Here are my initial reactions, in no particular order:
- The Ryan pick doesn’t affect the electoral math very much because Wisconsin is not much of a swing state in presidential elections anymore. Most polls show Obama leading in Wisconsin by anywhere from 5-10%. Political science research has shown that VP picks can get a 1-2% bump in their home state, at most, and that’s not enough to put Wisconsin back into play unless national conditions change significantly.
- If Romney were making his pick purely based on electoral math, Rob Portman (Ohio) and Marco Rubio (Florida) would have been the better picks. Both of those states are within the 1-2% margin where a VP pick from their states might have tipped the scales toward Romney.
- Since Romney obviously didn’t make the choice based purely on electoral math, it suggests that he wagered there were more advantages elsewhere for making a Ryan VP pick. Ryan is very popular with the conservative ideological base of the Republican party because of his now-famous budget proposals which include substantial cuts for domestic spending and complete overhauls of entitlement programs like Medicare and Medicaid. This plan is popular with Tea Party conservatives but very unpopular with moderates. With this pick, Romney is indicating that he believes victory is more likely by motivating his conservative base rather than trying to persuade the middle. This is smart. Surveys indicate that most voters have already made up their mind. There really aren’t that many Independent, undecided, “swing” voters out there at this point. Romney’s best shot at winning is to get those already inclined to vote for him, conservatives and Republicans, excited to turn out and vote this November… something that he’s struggled with through this entire presidential campaign. Paul Ryan will help motivate and turn out the base in November.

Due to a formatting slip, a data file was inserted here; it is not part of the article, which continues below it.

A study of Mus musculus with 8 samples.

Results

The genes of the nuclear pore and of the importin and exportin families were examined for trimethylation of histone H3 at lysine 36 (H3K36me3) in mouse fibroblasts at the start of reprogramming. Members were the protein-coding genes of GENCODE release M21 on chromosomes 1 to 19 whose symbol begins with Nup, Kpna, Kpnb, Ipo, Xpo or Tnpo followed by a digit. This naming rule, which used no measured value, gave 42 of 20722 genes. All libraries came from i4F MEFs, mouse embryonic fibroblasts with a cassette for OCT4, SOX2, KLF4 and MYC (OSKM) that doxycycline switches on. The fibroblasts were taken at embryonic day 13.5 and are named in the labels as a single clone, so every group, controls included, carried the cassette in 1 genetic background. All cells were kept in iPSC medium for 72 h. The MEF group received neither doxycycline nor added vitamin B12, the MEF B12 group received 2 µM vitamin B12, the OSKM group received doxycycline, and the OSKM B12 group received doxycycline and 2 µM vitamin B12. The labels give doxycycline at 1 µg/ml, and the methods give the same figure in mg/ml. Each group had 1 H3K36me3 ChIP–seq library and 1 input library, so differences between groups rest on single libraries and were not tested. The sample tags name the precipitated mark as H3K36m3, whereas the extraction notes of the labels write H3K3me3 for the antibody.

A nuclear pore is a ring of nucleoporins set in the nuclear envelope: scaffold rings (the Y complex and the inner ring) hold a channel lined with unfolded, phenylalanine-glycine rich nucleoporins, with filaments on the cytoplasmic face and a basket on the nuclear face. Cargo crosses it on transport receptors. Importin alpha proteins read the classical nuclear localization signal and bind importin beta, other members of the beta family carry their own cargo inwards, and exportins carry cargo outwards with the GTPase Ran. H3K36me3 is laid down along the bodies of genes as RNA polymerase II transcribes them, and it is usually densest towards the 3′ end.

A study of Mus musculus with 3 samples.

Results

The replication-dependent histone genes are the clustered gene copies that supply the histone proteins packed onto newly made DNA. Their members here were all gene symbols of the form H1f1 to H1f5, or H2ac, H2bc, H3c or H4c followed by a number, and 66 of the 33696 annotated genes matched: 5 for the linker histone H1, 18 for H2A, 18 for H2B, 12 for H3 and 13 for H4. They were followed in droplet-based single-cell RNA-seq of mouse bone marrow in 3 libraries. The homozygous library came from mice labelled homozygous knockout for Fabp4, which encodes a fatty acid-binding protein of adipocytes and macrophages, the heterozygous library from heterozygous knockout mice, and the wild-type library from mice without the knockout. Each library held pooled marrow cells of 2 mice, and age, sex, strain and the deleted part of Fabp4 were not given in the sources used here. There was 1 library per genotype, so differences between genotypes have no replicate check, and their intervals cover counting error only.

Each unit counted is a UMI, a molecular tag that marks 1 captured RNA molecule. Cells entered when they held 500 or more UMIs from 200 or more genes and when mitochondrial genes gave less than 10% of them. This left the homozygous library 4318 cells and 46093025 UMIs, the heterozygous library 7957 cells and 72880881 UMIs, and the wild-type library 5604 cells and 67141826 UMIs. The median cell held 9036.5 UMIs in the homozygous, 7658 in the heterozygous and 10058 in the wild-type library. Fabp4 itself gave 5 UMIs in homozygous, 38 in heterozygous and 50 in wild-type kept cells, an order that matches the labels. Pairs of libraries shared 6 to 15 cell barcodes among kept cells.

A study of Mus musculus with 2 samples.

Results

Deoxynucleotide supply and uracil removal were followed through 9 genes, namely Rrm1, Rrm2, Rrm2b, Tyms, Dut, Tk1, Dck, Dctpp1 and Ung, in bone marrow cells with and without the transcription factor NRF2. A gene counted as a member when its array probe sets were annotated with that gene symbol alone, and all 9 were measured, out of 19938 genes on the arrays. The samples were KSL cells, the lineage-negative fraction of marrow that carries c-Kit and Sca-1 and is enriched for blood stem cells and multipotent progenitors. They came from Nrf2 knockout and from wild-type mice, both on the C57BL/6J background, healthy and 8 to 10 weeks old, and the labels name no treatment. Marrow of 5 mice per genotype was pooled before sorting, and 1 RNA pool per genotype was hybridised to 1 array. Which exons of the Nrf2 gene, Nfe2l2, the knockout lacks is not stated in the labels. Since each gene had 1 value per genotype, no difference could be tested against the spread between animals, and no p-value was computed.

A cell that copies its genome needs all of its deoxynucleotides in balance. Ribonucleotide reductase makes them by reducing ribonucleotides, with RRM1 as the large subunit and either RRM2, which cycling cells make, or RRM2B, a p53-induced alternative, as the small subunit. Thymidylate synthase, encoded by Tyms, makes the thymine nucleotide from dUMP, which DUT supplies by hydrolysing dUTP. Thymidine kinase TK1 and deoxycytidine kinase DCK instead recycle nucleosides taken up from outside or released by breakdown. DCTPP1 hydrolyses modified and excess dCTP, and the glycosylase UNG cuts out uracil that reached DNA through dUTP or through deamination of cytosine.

- With this pick, Romney has decided to link himself to Paul Ryan’s budget proposals. This makes the contrast of economic visions between Romney and Obama even starker, and it clearly focuses the election on economic, rather than social, issues. Romney has decided to give voters an even clearer choice between two fundamentally different visions of the proper role of government in society.
- Ezra Klein at Washington Post says that Paul Ryan is “very quick on his feet, and he’s got a lot of experience explaining his plans to skeptical audiences.” This should make for a lively, energetic debate between him and Joe Biden here at Centre College in Danville this October.
- I’d have to double-check this, but I think that this is the first time that a major-party ticket has not had at least one Protestant. Romney and Ryan are Mormon and Catholic, respectively. This is a big step for religious diversity in the U.S., and it would be an even bigger step if we were to elect two individuals of historically minority and persecuted religious traditions as President and Vice President.